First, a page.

A beach day at the Jersey Shore, Aug. 2020. (Photo: Patricia Nee)

A beach day at the Jersey Shore, Aug. 2020. (Photo: Patricia Nee)

Sporadic reports of “sea lice,” which are actually the larvae of the thimble jellyfish, have caused concern among some people visiting the Jersey Shore over the last week, and leading other to flock to social media to ask if they should cancel their vacations.

The short story: the number of the practically-invisible, stinging creatures are small in Ocean County, and they will not be around for long. Most of the reports of the species have come from Cape May County, and they are found much more sporadically in local waters. But there is reason to be cautious of another jellyfish, too.

Dr. Paul Bologna, director of the Marine Biology and Coastal Sciences Program at Montclair State University, said there are several species that are often given the name “sea lice,” including the sea louse, a small crustacean in the Pacific Ocean. Sometimes, it refers to a larval sea anemone. But in New Jersey, the reports are referring to the larvae of the thimble jellyfish (Linuche unguiculata), which is most commonly found in the Caribbean and Gulf of Mexico. During the summer months, the larvae get carried by the currents of the Gulf Stream offshore, but events such as large storms with strong winds can push them closer to the coast. It makes sense that reports began coming in just after Tropical Storm Isaias struck New Jersey.


“I don’t think we have a lot to be concerned about because I don’t think we’re going to have any extreme sting events,” Bologna said. “In the Gulf of Mexico off of Florida when they’re in super high densities, they can be very bad when there are millions and millions in the water column. But here, mostly it’s a minor irritation, maybe a little painful, but in general you can treat it like an insect bite.”

A time-honored solution for getting rid of jellyfish stings – dousing one’s self with vinegar – probably won’t work because sea lice are so small, Bologna said.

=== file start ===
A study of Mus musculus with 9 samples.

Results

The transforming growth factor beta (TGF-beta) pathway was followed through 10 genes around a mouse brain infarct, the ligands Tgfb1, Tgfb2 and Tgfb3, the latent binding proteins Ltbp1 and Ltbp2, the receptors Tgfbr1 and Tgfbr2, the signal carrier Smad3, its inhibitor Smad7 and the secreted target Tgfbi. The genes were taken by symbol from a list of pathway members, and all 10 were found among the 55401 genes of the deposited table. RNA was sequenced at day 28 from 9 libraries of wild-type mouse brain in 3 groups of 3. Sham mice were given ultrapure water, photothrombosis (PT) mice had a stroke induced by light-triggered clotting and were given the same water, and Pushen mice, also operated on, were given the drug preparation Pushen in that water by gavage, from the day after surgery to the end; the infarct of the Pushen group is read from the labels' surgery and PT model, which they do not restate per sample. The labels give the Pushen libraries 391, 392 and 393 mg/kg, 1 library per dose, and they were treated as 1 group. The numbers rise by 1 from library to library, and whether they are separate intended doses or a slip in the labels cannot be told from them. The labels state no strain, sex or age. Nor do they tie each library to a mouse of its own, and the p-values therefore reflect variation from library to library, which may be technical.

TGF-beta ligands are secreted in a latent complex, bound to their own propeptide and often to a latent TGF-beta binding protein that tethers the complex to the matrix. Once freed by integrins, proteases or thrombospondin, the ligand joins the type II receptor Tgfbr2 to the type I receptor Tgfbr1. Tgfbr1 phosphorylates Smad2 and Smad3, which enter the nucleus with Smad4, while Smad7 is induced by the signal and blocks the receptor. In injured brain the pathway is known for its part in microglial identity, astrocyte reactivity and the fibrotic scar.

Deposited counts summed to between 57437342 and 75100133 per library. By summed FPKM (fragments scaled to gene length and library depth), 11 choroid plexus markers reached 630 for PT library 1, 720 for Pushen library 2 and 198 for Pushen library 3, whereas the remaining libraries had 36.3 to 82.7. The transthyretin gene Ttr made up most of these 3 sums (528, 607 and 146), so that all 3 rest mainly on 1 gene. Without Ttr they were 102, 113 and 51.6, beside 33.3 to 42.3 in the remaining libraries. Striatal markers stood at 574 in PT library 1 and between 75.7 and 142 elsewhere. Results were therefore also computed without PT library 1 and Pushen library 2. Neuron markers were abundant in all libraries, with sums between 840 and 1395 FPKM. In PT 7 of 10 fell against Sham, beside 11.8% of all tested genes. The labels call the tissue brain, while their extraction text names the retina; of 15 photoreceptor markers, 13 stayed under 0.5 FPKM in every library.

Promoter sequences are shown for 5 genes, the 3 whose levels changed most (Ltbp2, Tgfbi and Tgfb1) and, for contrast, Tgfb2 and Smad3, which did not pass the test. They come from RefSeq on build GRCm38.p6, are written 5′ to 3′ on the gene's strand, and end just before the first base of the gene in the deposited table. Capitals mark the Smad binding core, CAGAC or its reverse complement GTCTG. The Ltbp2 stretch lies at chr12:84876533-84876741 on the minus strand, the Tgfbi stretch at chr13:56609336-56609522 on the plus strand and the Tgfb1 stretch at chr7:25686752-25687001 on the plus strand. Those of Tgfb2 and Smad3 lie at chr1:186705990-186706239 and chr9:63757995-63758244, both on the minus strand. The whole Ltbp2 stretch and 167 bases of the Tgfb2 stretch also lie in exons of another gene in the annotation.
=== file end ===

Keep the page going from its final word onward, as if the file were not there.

“If you have tentacles and stinging cells that have not fired off yet, vinegar immobilizes them so you can remove what still might be on your skin,” said Bologna. “In this case, they’re so small that when they bump into you and release, or get trapped in your bathing suit, they’re just rubbing against your skin and everything is being fired off at once. By the time you get out of the water, there isn’t much residual left.”

Changing your bathing suit, washing the area that stings and applying Hydrocortisone cream should relieve most discomfort.

The fact that sea lice are even in the water column to begin with does bring up a secondary – but more serious – concern, however.

“The Portuguese man o’war could be next,” said Bologna. “They’re far out, and they just need a reason to get blown inward. Every time we get a storm that’s kind of like this, we get those guys washing up as well.”

The Portuguese man o’ war is a purple-colored jellyfish that can give off a nasty sting which sometimes requires medical attention. There haven’t been sightings reported, but beachgoers should still be on the lookout. Plus, reports of either sea lice or man o’ wars should be reported to lifeguards.

“Lifeguards talk to each other and this information gets passed up and down the coastline,” said Bologna. “It’s always good to report it to the people who are watching over the swimmers and bathers.”

Now, to the major question: how long will these unwelcome Jersey Shore guests be around?

“They’re probably going to be around for at least a couple of weeks,” Bologna said. “Usually, they’re in the water column for a week or two weeks in a larval duration, then they’ll exit.”